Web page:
Better Place Japan Co Ltd started the field test of an electric vehicle (EV) with a replaceable battery April 26, 2010.
In the test, the company uses three EVs as taxis. And it disclosed a battery replacement station built in Tokyo. Three batteries are available at the station. When a taxi comes to the station, its battery will be replaced in about a minute.
"It is much faster than charging a battery," Better Place Japan said. "So, it will drastically improve the convenience of electric vehicles."
The period of the field test, which is subsidized by Japan's Agency for Natural Resources and Energy, is about three months (till the end of July 2010). Though the company has not yet decided what they will do after the test, it intends to run several tens of electric taxis by the end of 2011.
The three taxis, which are stationed at Roppongi Hills in Tokyo, are operated by Nihon Kotsu Co Ltd. The replaceable battery is a lithium-ion (Li-ion) rechargeable battery that is made by A123 Systems Inc and has a capacity of 17kWh. It runs about 70 to 80km per charge, Better Place Japan said.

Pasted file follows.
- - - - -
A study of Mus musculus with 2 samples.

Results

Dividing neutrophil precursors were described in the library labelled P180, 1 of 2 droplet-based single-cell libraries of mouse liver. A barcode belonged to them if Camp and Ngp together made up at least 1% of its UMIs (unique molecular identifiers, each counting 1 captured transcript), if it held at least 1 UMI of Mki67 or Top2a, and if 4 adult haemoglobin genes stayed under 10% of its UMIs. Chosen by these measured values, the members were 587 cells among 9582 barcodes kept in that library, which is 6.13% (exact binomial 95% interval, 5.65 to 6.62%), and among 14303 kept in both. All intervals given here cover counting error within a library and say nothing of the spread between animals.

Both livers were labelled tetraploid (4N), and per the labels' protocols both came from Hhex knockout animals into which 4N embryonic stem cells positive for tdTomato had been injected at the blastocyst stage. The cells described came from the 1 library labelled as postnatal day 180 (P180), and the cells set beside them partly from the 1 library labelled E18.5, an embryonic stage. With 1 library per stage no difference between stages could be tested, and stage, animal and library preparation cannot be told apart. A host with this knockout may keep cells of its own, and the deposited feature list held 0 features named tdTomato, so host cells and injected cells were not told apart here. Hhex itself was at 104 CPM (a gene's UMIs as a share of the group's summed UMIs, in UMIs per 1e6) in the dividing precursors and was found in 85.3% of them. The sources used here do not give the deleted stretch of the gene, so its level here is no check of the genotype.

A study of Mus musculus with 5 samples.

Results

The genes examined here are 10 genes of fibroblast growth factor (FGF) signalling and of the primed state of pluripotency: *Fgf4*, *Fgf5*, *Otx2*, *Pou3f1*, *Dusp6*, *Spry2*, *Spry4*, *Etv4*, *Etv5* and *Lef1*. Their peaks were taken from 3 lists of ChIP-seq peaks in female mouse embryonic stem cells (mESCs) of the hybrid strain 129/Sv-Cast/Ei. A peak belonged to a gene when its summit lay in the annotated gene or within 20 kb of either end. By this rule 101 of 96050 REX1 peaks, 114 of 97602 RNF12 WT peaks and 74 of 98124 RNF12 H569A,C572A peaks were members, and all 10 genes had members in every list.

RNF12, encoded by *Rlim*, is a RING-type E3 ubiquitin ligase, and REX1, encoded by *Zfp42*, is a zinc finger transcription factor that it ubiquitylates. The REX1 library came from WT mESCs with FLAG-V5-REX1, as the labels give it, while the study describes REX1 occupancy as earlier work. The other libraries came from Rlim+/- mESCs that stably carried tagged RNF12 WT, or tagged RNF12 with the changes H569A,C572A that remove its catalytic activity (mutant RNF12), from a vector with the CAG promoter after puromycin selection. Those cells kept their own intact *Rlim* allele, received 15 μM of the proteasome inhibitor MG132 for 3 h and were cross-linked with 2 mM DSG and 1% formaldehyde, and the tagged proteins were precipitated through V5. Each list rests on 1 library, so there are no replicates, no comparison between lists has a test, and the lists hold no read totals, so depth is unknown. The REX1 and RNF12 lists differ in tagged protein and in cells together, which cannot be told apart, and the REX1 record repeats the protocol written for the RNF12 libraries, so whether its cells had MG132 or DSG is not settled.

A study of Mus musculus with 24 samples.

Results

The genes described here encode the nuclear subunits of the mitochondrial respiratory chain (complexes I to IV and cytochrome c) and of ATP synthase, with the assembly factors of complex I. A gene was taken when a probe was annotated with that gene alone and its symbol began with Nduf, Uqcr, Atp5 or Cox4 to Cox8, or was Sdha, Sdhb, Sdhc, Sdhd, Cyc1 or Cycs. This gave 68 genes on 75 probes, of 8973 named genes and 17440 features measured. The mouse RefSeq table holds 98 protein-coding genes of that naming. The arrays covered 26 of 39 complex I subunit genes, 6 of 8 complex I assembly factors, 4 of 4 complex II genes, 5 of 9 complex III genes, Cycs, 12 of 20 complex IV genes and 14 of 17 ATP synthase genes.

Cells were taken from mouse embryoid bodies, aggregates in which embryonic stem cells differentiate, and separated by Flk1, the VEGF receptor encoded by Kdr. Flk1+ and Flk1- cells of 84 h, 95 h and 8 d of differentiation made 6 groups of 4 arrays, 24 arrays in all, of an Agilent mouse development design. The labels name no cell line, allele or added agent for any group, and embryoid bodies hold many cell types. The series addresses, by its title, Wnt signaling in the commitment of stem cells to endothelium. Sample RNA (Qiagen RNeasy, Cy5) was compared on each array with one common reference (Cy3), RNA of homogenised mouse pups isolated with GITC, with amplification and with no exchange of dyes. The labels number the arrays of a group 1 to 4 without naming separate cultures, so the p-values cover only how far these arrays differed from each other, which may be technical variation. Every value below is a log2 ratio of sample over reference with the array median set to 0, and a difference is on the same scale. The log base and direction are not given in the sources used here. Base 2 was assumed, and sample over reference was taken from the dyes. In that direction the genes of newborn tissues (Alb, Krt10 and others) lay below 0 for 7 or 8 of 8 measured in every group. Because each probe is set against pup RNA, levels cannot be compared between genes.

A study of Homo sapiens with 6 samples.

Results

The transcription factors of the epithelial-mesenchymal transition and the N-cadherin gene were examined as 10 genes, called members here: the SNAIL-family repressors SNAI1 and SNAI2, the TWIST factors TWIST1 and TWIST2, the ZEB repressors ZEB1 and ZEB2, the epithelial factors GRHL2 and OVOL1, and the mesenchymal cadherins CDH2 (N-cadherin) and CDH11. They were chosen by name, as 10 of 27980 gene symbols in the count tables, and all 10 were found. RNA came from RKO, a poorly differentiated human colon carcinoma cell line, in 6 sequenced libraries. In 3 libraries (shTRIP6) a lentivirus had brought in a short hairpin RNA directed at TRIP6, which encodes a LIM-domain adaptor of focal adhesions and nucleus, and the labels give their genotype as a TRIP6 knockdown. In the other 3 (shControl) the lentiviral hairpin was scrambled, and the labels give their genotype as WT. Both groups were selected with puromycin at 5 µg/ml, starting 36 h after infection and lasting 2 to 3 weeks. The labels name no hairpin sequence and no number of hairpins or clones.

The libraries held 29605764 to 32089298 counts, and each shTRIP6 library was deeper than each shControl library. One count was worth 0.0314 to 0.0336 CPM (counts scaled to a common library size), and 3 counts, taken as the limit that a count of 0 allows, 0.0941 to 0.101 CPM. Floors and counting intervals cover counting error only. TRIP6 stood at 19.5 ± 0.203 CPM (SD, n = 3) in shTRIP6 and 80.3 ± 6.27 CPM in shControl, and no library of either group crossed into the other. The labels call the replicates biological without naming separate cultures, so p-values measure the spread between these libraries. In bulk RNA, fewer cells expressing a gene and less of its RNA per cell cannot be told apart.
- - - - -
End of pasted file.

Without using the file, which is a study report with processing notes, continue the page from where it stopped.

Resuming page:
"In the future, we will purchase batteries from several manufacturers," the company said.
The electric taxi is Nissan Motor Co Ltd's Dualis compact SUV revamped by Tokyo R&D Co Ltd. A total of four EVs were prepared: three for actual operation and one for demonstration at the station.
The station will open to the public May 1, 2010. Also, Better Place Japan developed a system to monitor the usage of the rechargeable battery in real time by using wireless communication.
The press conference held by Better Place Japan was attended by Ichiro Fukue, vice president of Mitsubishi Heavy Industries (MHI). Better Place Japan and MHI are cooperating in the development of a battery replacement system.
"The convenience of battery-replaceable EVs is very high," Fukue said. "If it is recognized by the public, they are highly likely to become common."
MHI is planning to develop a battery replacement system for electric buses in or after 2011 and equip the buses with its own Li-ion batteries.